Neriah and Rebecca (HENDRICKS) LEWIS
"Just after we arrived at their camp some two or three hundred Indian Warriors came on horseback to serenade us. They fired their guns as they came and did not forget to give their war shoop. It was very exciting for our people, many of whom had never seen an Indian before."
Both Neriah Lewis and Rebecca Hendricks were born in Simpson County Kentucky on April 29, 1816 and December 23, 1817, respectively. Neriah was born to Neriah and Mary (Moss) Lewis, and was one of twelve children, eight boys and four girls. Neriah's family members were large in stature. Neriah was the smallest of the brothers, was six feet one inch tall and weighed one hundred and seventy pounds.
After marriage, Neriah and Rebecca made their first home in Macoupin County, Illinois, where they prospered and their first three children were born: William Hendricks on October 14, 1837, Benjamin Marion on March 20, 1842 and Neriah Robert on March 10, 1843.
During the winter of 1846 Neriah's brother, David, came to visit and preached the restored Gospel of Jesus Christ to them. Neriah accepted the Gospel and was baptized. His wife did not join the Church at that time.
Neriah's son, William Hendricks Lewis wrote an account of his family life during those years:
" A few weeks after my father accepted the Gosepl he sold out and moved to Nauvoo, Illinois. Soon after that we started for the great unknown West, traveling through Iowa to the Missouri River. A crude flat boat was constructed on which we crossed the Missouri River.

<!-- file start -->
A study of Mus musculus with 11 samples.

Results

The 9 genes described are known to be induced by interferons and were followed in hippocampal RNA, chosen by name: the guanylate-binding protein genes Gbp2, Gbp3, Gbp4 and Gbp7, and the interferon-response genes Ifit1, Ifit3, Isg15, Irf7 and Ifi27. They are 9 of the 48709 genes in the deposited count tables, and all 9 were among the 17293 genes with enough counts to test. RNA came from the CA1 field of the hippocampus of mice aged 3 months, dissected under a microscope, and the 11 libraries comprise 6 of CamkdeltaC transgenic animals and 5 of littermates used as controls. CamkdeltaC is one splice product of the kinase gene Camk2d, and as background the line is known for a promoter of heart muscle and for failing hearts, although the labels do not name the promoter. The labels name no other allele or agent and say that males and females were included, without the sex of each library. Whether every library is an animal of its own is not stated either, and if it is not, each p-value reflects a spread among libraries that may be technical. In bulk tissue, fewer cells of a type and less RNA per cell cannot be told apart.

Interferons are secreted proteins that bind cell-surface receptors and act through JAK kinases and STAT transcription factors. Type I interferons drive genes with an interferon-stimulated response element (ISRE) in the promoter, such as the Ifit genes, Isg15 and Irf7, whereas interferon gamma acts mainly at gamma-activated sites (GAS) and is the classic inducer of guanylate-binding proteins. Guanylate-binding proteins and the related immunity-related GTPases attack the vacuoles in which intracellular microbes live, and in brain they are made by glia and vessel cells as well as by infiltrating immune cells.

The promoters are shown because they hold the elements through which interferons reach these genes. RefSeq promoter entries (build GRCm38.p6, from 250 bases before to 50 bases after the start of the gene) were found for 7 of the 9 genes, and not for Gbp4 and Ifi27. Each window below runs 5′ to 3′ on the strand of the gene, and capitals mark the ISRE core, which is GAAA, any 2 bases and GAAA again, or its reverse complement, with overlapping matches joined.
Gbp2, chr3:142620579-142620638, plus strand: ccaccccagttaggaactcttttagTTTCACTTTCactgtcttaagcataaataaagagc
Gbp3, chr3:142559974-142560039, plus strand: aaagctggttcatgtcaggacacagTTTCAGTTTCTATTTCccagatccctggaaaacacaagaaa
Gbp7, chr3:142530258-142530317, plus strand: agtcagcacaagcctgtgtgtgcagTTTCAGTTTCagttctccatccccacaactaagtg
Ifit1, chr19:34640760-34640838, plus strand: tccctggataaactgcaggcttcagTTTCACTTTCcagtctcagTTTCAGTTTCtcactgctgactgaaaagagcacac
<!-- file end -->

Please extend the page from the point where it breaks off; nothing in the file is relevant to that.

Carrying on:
The first camp that Neriah's family rested after crossing the river was on the banks of Sugar Creek. Here they joined Bishop George Miller's company with which they would remain until after crossing the plains of Iowa. Bishop Miller was one of the twenty-five captains of one hundred appointed in Nauvoo. This little company, consisting of sixteen wagons and thirty or forty pioneers, left Sugar Creek for the Des Moines River on Wednesday, Februaruy 25, 1946. On this day at 7:00 p.m. the thermometer stood at 10 degrees Fahrenheit.
Their camp remained ahead of that of Brigham young for much of their journey through Iowa, as Bishop Miller had ambitions of completing the journey beyond the Rocky Mountains by the end of the season. They arrived at a campsite near the Des Moines River and Farmington sufficiently in advance of Brigham Young's group to have completed a fence and cleared a feidl before other companies arrived. Neriah's group had also procured some much needed corn for the benefit of all the saints.
According to the historian Bancroft:
"Without attempting long distances in a single day, they made camp rather early, and after the usual manner of immigrants, the wagons in a circle or semi-cirlce round the camp fire, placed so as best to sheidl them from the wind and wild beasts and Indians, with the animals at a convenient distance, some staked and some running loose, but all carefully guarded. The country through which they passes was much of it well wooded: the land was fertile and afforded abundant pastures, the grass in summer being from one to ten feet high. provisions were cheap: corn twelve cents and wheat twenty-five to thirty cents a pound, and all payable in labor at what was then considered good wages, say forty or fifty cents a day."